According to the U.S. Department of Agriculture, contact with the poisonous weed causes severe skin and eye irritation and may result in blindness and permanent scarring in people sensitive to the plant's toxic sap.
The giant hogweed (Heracleum mantegazzianum) may grow 14 feet tall and is characterized by a blossom of white umbrella-shaped flowers atop the plant. It may look similar to Queen Anne's lace and cow parsnip, thus making it difficult to identify. (Some tips on how to tell giant hogweed apart from other common flowering plants can be found here and here.)
The invasive species started to bloom in certain areas in North America (see which, below) earlier this month. The Department of Natural Resources in several states has issued warnings, cautioning residents to stay away from the giant hogweed and report any sightings.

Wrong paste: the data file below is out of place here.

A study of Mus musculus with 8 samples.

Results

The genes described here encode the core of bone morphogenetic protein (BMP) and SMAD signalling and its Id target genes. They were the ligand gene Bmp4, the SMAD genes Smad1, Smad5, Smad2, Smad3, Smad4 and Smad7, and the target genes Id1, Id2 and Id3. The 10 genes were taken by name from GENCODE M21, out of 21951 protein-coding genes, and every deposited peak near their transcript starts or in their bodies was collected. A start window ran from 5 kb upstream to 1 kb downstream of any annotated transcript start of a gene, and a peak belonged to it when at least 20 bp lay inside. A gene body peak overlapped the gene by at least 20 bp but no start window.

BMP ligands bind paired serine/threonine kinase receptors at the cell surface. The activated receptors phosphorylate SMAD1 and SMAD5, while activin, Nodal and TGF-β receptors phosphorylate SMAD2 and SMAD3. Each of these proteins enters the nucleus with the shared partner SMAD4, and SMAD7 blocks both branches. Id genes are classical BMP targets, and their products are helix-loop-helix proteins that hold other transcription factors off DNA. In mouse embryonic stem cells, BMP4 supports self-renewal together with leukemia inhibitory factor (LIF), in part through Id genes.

Anyone who comes in contact with the plant should wash the affected area of their skin with soap and water and keep out of the sunlight for 48 hours, since the effects develop over several days.
As Nature notes: "When the sunlight and the sap mix, chemicals from the sap, called furocoumarins, cause a phototoxic reaction to take place called phytophotodermatitis," which causes blistering and rashes on the skin. If someone then touches his or her eyes, the sap has the potential to cause permanent blindness.
Though the giant hogweed is native to the Caucasus Mountains and southwest Asia, the invasive plant was introduced to New York around 1917.
See a map showing the giant hogweed's current distribution in North America (in green) and a larger photo of the poisonous plant below.